Abstract

A recent demand system (AIDS) is extended to include family size explicitly and, then, estimated on Indian budget data. The estimation, using non-linear FIML, is performed, first, on pure time series and, then, on pooled cross section data. Within and across equation restrictions are imposed and tested. The principal results include:u(a)significant price and family size effects on the budget share of an item,(b)sensitivity of test results on homogeneity and symmetry to (i) rural/urban data, (ii) time series/cross section and (iii) inclusion/omission of family size,(c)considerable difference between pure time series and pooled cross section estimates, and(d)difference between the expenditure responses of the rural and urban consumer.

  • Handle: RePEc:eee:eecrev:v:17:y:1982:i:3:p:349-369 DOI: 10.1016/S0014-2921(82)80069-X


    1. Hannan, M.M & Dutta, A. & Kabir, H. & Hannan, M.M, 2010. "Household demand for dairy products in Bangladesh: An Application of AIDS Model," Journal of the Bangladesh Agricultural University, Bangladesh Agricultural University Research System (BAURES), vol. 8.
    2. Harold Alderman, 1988. "Estimates of Consumer Price Response in Pakistan using Market Prices as Data," The Pakistan Development Review, Pakistan Institute of Development Economics, vol. 27(2), pages 89-107.
    3. Robin Winkler, 2015. "Feast or Famine: The Welfare Impact of Food Price Controls in Nazi Germany," Economics Series Working Papers Number 136, University of Oxford, Department of Economics.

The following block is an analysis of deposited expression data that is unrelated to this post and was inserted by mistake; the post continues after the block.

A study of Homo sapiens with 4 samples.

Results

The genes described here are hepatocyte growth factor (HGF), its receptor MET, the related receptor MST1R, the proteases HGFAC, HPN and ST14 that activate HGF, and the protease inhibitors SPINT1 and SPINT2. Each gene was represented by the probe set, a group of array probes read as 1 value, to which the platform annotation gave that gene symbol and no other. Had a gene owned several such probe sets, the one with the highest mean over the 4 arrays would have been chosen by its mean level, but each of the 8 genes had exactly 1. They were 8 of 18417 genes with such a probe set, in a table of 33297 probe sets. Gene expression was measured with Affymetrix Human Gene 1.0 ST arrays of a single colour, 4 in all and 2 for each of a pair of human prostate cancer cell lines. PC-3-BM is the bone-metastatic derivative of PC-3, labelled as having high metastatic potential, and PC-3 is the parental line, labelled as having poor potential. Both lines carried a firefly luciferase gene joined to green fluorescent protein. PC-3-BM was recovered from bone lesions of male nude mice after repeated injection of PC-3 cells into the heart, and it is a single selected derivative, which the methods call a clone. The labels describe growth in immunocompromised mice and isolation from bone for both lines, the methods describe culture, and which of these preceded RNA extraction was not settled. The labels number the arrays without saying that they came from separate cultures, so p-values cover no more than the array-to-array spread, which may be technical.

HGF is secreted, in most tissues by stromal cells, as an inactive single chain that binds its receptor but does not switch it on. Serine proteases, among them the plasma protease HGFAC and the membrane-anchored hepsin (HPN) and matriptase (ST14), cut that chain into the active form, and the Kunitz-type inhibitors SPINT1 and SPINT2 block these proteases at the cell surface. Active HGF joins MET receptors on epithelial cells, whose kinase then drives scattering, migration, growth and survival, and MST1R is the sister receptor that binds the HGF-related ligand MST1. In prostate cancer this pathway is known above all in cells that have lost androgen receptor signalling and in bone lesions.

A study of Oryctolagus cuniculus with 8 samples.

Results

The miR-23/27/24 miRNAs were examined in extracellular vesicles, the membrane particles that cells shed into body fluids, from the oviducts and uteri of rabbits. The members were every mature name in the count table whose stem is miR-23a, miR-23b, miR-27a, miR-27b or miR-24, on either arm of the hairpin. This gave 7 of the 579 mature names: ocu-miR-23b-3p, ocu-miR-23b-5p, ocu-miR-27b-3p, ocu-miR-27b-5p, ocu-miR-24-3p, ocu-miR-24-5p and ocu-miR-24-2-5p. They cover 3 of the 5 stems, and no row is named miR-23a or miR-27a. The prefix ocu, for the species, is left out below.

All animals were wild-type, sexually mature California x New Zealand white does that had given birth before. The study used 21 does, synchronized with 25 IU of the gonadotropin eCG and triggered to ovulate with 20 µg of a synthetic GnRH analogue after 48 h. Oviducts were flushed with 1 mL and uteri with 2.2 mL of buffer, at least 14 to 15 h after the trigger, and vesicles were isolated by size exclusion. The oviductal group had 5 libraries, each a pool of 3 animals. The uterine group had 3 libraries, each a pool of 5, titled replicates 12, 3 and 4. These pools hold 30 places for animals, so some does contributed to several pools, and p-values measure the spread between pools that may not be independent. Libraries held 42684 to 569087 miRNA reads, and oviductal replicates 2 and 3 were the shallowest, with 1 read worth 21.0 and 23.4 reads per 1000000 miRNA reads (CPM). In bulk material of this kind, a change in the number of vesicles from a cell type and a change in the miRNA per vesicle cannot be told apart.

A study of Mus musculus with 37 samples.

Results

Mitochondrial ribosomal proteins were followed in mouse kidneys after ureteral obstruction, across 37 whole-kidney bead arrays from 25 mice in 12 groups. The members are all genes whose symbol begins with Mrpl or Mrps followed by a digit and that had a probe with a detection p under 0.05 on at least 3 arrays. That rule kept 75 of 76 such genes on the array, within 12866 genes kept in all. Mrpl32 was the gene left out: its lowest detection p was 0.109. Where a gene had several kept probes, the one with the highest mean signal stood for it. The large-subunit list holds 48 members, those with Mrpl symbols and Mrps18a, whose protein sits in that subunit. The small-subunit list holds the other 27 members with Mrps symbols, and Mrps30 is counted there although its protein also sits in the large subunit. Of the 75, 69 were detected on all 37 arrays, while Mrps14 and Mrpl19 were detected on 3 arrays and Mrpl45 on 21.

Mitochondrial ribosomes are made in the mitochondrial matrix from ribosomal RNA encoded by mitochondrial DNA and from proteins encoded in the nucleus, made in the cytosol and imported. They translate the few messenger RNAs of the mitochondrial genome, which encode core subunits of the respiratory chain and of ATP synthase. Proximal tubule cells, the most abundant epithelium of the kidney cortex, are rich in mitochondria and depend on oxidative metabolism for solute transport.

4. Robin Winkler, 2015. "Feast or Famine: The Welfare Impact of Food Price Controls in Nazi Germany," Oxford University Economic and Social History Series _136, Economics Group, Nuffield College, University of Oxford.
    5. EHTISHAM AHMAD & STEPHEN LuDLOW & NICHOLAS STERN, 1988. "Demand Response in Pakistan: A Modification of the Linear Expenditure System for 1976," The Pakistan Development Review, Pakistan Institute of Development Economics, vol. 27(3), pages 293-308.
    6. Gundlach, Erich, 1993. "Die Dienstleistungsnachfrage als Determinante des wirtschaftlichen Strukturwandels," Open Access Publications from Kiel Institute for the World Economy 763, Kiel Institute for the World Economy (IfW).
    7. Maganga, Assa Mulagha & Phiri, M. Alexander R. & Mapemba, Lawrence D. & Gebremariam, Gebrelibanos G. & Dzanja, Josephy K., 2014. "A Food Demand System Estimation for Rural Malawi: Estimates Using Third Integrated Household Survey Data," 2014 Annual Meeting, July 27-29, 2014, Minneapolis, Minnesota 174853, Agricultural and Applied Economics Association.
    8. Savadogo, Kimseyinga & Brandt, Jon A., 1988. "Household Food Demand in Burkina Faso: Implications for Food Policy," Agricultural Economics of Agricultural Economists, International Association of Agricultural Economists, vol. 2(4), December.
    9. Sánchez, Luis & Reyes, Orlando, 2016. "La demanda de gasolinas, gas licuado de petróleo y electricidad en el Ecuador: elementos para una reforma fiscal ambiental," Documentos de Proyectos 706, Naciones Unidas Comisión Económica para América Latina y el Caribe (CEPAL).
    10. Jensen, Helen & Manrique, Justo, 1993. "Disaggregated welfare effects of agricultural price policies in urban Indonesia," UC3M Working papers. Economics 2902, Universidad Carlos III de Madrid. Departamento de Economía.
    11. Sasaki, Kozo, 1996. "Consumer demand in Japan: An analysis using the Deaton-Muellbauer system," Japan and the World Economy, Elsevier, vol. 8(3), pages 335-351, September.